Analysis

Public-Private Partnerships Offer School Kitchen Grants to More Districts

Some funds designated for equipment under $5,000

A swathe of grants have been announced for schools to upgrade kitchen equipment© The Pew Charitable Trusts

Updated kitchen equipment in Murrieta, California—such as this tilting skillet purchased with a U.S. Department of Agriculture school kitchen equipment grant—has helped the district to do more scratch cooking.

At the Super Bowl 50 Media Center on Feb. 6, Agriculture Secretary Tom Vilsack was joined by leaders of the National Football League and Fuel Up to Play 60 to announce the availability of grants for school kitchen and cafeteria improvements. The U.S. Department of Agriculture will distribute $30 million to state child nutrition agencies, which will award funds to schools on a competitive basis. Separately, Fuel Up to Play 60, a school nutrition and physical activity program, will provide $5 million in grants directly to districts that apply through the organization’s website.

These public and private resources will address a common problem for school meal programs: 88 percent of school districts need additional kitchen equipment to help them prepare meals that meet the National School Lunch Program’s strong nutrition standards. However, as the figure below shows, only 42 percent have budgets for equipment purchases, and of those, less than half say the resources are adequate to cover their needs. Meal programs serving fewer than 1,000 students and those in rural areas are significantly less likely to have budgets for equipment upgrades and replacement than those in large or urban districts.

A swathe of grants have been announced for schools to upgrade kitchen equipment

Funding will meet a range of school kitchen equipment needs

The estimated per-school cost to meet equipment needs is more than $68,000, on average, but many districts say their most critical needs are items with relatively modest price tags, particularly large-capacity food processors, serving utensils, and knife sets with cutting boards. USDA’s equipment grants are instrumental for districts that need more expensive kitchen upgrades, such as new commercial ovens, steamers, and freezers, but are generally restricted to a single item valued at or above $5,000. The Fuel Up to Play 60 grants will help to fill the gap between these needs by supporting purchases of one or more pieces of equipment totaling up to $5,000.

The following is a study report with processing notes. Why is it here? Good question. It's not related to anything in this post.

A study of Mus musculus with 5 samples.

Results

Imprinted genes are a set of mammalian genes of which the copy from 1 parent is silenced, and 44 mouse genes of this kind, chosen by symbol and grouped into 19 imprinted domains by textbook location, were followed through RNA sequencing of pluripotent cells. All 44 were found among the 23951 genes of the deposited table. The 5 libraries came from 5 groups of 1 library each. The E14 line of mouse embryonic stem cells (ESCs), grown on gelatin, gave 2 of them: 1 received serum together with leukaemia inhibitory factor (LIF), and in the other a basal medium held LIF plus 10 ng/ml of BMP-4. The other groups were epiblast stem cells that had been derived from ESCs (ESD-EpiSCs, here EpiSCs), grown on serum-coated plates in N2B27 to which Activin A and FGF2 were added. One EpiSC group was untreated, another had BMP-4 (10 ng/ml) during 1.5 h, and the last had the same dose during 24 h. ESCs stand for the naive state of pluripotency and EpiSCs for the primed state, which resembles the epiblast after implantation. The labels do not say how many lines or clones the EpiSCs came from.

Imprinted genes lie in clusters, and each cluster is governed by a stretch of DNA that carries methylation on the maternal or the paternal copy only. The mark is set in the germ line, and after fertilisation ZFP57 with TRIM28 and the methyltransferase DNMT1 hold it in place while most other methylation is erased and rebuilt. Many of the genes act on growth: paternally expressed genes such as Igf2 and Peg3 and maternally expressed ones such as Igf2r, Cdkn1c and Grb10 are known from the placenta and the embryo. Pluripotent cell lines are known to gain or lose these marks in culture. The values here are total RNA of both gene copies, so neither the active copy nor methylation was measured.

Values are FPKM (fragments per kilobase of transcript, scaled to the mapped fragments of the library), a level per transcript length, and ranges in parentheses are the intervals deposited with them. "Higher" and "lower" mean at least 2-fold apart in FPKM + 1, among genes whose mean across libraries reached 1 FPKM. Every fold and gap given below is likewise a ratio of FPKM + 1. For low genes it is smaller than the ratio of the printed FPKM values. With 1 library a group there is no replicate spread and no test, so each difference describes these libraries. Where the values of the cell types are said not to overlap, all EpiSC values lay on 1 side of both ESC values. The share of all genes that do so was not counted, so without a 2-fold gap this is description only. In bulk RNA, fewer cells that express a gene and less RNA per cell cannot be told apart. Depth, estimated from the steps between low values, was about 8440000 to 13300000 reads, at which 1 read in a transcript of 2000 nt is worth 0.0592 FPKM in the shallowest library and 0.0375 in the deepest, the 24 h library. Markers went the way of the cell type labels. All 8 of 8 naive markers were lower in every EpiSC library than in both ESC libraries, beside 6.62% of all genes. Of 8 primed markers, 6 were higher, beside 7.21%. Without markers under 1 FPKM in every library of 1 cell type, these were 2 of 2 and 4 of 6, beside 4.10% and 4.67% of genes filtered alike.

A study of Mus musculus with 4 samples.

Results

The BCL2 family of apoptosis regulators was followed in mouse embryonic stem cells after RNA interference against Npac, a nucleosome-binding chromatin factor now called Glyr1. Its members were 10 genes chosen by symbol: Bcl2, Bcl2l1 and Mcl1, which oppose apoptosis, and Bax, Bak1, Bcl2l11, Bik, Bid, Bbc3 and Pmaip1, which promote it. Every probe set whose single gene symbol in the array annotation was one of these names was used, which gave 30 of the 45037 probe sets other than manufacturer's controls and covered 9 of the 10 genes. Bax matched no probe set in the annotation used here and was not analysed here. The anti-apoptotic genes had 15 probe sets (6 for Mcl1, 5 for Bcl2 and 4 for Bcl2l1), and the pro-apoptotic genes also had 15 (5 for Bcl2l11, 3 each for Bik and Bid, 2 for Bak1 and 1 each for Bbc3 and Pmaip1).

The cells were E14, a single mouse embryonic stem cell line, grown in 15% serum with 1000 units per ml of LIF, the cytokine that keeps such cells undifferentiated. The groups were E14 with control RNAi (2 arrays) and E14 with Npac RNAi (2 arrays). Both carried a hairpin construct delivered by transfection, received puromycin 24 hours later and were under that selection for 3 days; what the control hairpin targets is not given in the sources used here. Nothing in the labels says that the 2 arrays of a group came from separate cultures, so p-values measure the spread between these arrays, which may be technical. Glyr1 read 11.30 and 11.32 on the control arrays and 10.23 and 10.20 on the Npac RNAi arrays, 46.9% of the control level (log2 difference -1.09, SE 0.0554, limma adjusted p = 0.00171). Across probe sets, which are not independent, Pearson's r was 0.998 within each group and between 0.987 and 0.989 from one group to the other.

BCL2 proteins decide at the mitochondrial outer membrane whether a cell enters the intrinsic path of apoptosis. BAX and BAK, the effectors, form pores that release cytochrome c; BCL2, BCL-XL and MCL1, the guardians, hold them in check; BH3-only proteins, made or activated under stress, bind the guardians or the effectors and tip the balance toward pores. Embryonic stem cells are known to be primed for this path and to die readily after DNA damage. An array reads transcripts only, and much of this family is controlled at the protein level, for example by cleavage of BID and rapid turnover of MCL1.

While the Fuel Up to Play 60 funds are earmarked for less-expensive but much-needed purchases, the USDA grants are designated for large-scale upgrades costing $5,000 or more. Making cafeterias more inviting places for students is a frequent goal of larger renovations. Reconfigured and expanded serving lines, for instance, can encourage students to select healthier options and ensure that they spend more of their lunch period eating rather than waiting in line.

Together, these investments in small and large equipment will enable schools to offer healthier and more appetizing menus with freshly baked, roasted, or steamed dishes instead of fried or reheated ones. They also will help schools to employ cost-saving procurement practices. For example, nearly 40 percent of meal programs need a walk-in refrigerator, which typically costs about $29,000 but allows schools to take advantage of economies of scale by buying fruits, vegetables, and other ingredients in larger quantities at lower cost.

A reconfigured lunch line has paid off in a Virginia school district. “We reorganized our lunch line so that now every kid goes through the salad bar first to fill up their plate with fruits and vegetables,” said Rodney Taylor, director of food and nutrition services for Fairfax County Public Schools in Virginia. “The salad bars are easy for the kids to use and create an opportunity for our staff to engage them in nutrition education.”

Jessica Donze Black directs the Kids’ Safe and Healthful Foods Project.